If you’re in the market for funky trinkets and unique, handmade clothing, you might want to put off your shopping until next week. Starting today, over 14,000 Etsy sellers are going on strike as the platform increases its transaction fees from 5% to 6.5%.
“We’re hoping to get Etsy’s attention that we are fed up,” said Kristi Cassidy, an organizer of the strike, in an interview with Yahoo! Finance. Cassidy concedes that 14,000 sellers isn’t a huge percentage of the marketplace’s 5.3 million active sellers, but she says, “It’s also quite a bit for just people trying to spread a movement online with no advertising. The amount of support we have gotten when we put this out into the world… people are sharing, it’s spreading entirely organically.”
Cassidy started a petition, which now has over 48,000 signatures from buyers and sellers, urging Etsy to “work with sellers, not against us.” The Rhode Island-based seamstress also references an advertising policy that took effect in February 2020, which makes it mandatory for sellers making more than $10,000 a year to allow Etsy to advertise their products on sites like Google, Facebook and Pinterest, taking at least 12% of every sale it refers. While Etsy pitched this as a new revenue stream for sellers, the artisans themselves felt like they were being forced to give up a cut of their sales against their will.
“Thanks to Offsite Ads, Etsy fees are an unpredictable expense that can take more than 20% of each transaction. We have no control over how these ads are administered, or how much of our money is spent,” Cassidy wrote in the petition.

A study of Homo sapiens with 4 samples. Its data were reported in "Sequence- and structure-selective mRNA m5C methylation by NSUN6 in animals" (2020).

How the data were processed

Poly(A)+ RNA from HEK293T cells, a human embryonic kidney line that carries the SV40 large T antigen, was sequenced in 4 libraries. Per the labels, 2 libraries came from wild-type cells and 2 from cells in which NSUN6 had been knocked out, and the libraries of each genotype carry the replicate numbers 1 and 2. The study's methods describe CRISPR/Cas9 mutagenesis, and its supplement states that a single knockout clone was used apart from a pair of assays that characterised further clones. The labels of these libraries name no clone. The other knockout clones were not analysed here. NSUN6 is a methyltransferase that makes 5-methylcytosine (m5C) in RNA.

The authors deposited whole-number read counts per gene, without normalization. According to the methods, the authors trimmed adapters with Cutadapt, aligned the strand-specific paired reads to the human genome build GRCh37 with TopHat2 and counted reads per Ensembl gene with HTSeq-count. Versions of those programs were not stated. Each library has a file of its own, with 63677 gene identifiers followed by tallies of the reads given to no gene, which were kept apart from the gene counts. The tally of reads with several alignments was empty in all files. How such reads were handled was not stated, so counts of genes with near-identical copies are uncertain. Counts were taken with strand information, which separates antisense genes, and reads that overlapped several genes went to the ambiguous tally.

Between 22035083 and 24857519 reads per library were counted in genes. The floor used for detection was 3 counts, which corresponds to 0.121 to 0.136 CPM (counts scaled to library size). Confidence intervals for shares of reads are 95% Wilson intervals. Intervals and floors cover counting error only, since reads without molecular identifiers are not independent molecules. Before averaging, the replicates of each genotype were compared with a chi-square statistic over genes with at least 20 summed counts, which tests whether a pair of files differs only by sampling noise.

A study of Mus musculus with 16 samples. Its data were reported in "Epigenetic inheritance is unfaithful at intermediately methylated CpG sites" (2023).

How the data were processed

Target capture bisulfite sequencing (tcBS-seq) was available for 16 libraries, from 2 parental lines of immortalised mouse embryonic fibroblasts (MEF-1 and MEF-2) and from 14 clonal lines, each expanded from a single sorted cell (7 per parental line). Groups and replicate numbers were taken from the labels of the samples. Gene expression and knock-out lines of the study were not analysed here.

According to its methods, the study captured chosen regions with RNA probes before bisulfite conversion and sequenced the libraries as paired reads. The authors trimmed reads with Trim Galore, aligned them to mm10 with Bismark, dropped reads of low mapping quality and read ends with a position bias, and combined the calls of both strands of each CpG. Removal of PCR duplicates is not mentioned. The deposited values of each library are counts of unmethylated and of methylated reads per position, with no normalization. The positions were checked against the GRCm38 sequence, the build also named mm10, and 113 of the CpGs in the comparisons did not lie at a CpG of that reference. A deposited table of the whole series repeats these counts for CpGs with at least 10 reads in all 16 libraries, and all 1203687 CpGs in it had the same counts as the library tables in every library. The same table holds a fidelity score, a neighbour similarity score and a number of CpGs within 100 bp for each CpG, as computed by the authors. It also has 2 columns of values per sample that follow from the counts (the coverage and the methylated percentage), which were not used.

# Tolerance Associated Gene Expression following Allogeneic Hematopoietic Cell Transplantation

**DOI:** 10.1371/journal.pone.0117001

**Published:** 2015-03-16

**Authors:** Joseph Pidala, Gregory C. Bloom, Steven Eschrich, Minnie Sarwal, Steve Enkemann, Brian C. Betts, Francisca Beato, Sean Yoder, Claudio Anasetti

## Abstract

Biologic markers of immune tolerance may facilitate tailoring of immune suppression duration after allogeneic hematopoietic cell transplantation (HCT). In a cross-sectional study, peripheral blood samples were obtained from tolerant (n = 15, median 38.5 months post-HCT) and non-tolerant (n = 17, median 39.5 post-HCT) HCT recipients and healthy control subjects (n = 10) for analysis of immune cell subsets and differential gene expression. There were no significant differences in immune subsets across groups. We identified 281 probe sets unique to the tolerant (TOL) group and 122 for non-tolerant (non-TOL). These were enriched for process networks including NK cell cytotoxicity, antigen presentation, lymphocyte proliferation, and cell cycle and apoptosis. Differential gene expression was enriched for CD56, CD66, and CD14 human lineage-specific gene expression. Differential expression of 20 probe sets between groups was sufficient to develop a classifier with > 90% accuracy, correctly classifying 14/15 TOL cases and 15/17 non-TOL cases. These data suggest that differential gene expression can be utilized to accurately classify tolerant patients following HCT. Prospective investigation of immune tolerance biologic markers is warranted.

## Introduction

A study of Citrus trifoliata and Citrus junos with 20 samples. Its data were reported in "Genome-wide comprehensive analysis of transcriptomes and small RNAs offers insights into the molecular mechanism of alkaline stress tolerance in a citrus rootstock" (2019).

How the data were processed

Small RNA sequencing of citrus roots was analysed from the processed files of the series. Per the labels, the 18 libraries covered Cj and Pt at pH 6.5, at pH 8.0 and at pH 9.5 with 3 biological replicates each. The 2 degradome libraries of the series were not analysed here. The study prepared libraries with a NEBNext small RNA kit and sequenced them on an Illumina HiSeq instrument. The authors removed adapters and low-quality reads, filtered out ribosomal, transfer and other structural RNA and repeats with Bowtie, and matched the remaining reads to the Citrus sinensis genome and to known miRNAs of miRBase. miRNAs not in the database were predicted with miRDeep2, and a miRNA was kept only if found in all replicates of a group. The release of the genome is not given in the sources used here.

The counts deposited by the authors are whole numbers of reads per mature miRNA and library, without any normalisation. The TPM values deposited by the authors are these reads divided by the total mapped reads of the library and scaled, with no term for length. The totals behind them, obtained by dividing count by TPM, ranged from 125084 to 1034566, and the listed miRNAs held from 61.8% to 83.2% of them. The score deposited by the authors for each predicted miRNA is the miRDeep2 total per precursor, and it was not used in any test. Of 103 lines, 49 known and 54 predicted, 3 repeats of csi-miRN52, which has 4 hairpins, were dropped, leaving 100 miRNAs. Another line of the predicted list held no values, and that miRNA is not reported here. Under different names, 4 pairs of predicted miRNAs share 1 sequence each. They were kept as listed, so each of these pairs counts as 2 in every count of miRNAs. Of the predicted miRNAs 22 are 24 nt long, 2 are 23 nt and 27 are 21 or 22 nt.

Just a few years ago, Etsy raised its fees from 3.5% to 5% for the first time since its founding in 2005, so this new increase felt like the final straw for a number of independent artists who operate stores on Etsy. Since going public in 2015, Etsy’s total revenue has continued to increase, so sellers feel that they are giving up an additional cut of sales just to keep padding Etsy’s bottom line. The company also made two major acquisitions in the past year: a $1.6 billion, mostly cash purchase of Depop, and a $217 million acquisition of Elo7, known as the “Etsy of Brazil.”
“Our sellers’ success is a top priority for Etsy. We are always receptive to seller feedback and, in fact, the new fee structure will enable us to increase our investments in areas outlined in the petition, including marketing, customer support, and removing listings that don’t meet our policies. We are committed to providing great value for our 5.3 million sellers so they are able to grow their businesses while keeping Etsy a beloved, trusted, and thriving marketplace,” an Etsy spokesperson said in a statement provided to TechCrunch.
Etsy CEO Josh Silverman explained the increase in a message to sellers, saying that this cut of sales will help Etsy invest in marketing, grow its support team by 20% and continue investing in security. He added that Etsy is working on making an app for sellers to help them more easily manage their businesses.
But the sellers participating in the Etsy Strike have other demands. They want Etsy to cancel the fee increase, crack down on resellers who are peddling mass-produced goods and end the star seller program. Finally, these sellers want Etsy to fix what they call an “infamously slow support system,” claiming to have experienced issues with AI bots automatically taking down stores when they don’t violate any platform rules.
“Etsy can’t bill itself as a folksy, handmade utopia while AI bots terrorize sellers whose livelihood depends on reaching buyers on the platform,” the petition reads.
These sellers will be on strike through April 18th.
This article was originally published on TechCrunch.com. Read More on their website.